From “Story and Promise:
A Brief Theology of the Gospel About Jesus”
by Robert W. Jenson, 1930-2017
If Jesus dies and yet lives, this means something first for him. That he lives, means that he, like every living man, has the meaning of his life in the fulfilment that is yet to come of it. But that he has died and lives, means that his hope for fulfilment has the condition of death already behind it. A man lives by the words that give him a common and future-opened world with other men. The word by which Jesus lives is an unconditional promise, of fulfilment for the life he lived and the death that came of it. It is the sounding of this promise that called him from the dead. And the speaker, whoever or whatever he is, is the one Jesus’ people mean by “God.”
If Jesus died but now lives, his reality is open to the meaning and outcome of what he did, suffered, and was, without the condition that we must observe: he does not need to specify, “I am committed. of course, only insofar as my commitment does not lead me to death and so to its own negation.” Since death is behind him, nothing can anymore separate him from his future. He is himself the one he evoked by his teaching, the one for whom the prophets’ promises are the word to live by right now, without intervening space for preparation, postponement or failure, without intervening death, without intervening law. Alienation is no longer a possibility.
It seems odd to talk of the man Jesus in this way, in the present tense. The Christianity with which most of us have some acquaintance has accustomed us to speak of him in the past tense. Christianity has rarely remembered what a strange claim the gospel involves: that the man Jesus lives now. “Conservative” Christians have talked about Jesus’ supernatural accomplishments back there (he “atoned for sin, once for all,” or something of the sort) which we now must make presently effective by using the sacraments (Catholic) or believing hard enough (Protestant). “Liberal” Christians, not believing in supernatural accomplishments, have made Jesus a great religious teacher and example. who taught and exemplified such and such back there (“the fatherhood of God,” or “nonviolence,” or something else equally worthy in itself) which we must now make effective by practice. “Pietist” Christians have indeed talked much of the “present reality” of Christ, and of a “personal relationship” to him; but they too have left the actual man in the past, with a choice of conservative or liberal formulas, and for the present substituted a sort of spectre with whom we are to establish friendly relations by being adequately religious (“give your heart to Jesus”). The point of the gospel is that there is no need for any of these ways of making the past Jesus come alive in the present, since he already is, of himself.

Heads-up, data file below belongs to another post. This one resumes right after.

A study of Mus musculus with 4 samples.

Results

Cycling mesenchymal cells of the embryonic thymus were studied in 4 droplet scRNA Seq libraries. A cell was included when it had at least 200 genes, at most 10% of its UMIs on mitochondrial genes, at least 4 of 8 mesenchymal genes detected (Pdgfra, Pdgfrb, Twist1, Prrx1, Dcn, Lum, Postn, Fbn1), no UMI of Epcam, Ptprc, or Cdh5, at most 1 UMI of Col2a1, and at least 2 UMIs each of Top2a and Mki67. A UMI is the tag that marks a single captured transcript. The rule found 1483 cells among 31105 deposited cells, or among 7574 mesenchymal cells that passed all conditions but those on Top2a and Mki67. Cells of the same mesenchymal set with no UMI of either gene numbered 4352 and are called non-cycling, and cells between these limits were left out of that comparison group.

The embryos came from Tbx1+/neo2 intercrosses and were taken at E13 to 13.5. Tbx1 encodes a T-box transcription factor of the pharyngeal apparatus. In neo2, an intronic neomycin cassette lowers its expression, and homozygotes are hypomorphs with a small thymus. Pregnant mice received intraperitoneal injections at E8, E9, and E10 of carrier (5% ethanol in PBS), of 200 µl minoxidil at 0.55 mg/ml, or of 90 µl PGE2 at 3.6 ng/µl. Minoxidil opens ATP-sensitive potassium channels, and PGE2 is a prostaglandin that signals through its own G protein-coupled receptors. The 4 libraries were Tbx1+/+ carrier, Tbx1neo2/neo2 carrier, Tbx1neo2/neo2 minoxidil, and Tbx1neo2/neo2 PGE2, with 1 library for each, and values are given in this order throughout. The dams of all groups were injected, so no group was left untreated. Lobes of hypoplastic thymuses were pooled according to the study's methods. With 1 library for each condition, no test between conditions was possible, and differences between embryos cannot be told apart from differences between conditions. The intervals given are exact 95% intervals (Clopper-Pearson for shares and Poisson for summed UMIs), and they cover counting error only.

If Jesus died and lives, the fulfilment of his life opens unconditionally to him. But his life was speaking the promise of Israel’s Kingdom to other men, acting it out with them, and doing both in a way that removed all conditions and refused all social and religious distinctions. Therefore the fulfilment now promised to Jesus, is exactly that the promises of Israel will be fulfilled for his fellows and that his fellowship will reach to all men. “The Word of God” is first of all the word by which the man Jesus now lives; and what that word says to him is: “All men will be your brothers, despite their alienation, and unconditionally, in the new order that will fulfil Israel’s hope.” Just so this word is equally addressed to us, without distinction; it is the word that each of us may speak to the other in Jesus’ name, and in this form it says: “Israel’s hope will be fulfilled for Jesus’ sake, and for you; despite all past or future failed conditions, despite all alienation, and despite the death that rules in both.”
Therefore we cannot speak of Jesus’ aliveness without speaking also of ourselves. If it is clear who Jesus was, then to say that he lives is, with no additions needed, to speak to and about each other. It is not too much to say that “Jesus lives” is equivalent to “The prophets’ promises are unconditionally proclaimed among men, and to all sorts and conditions of men and are factually true.” This equivalence in no way limits his freedom or reality; for what his life willed was not to exist apart from his fellows, and it is this will that now succeeds and defies death.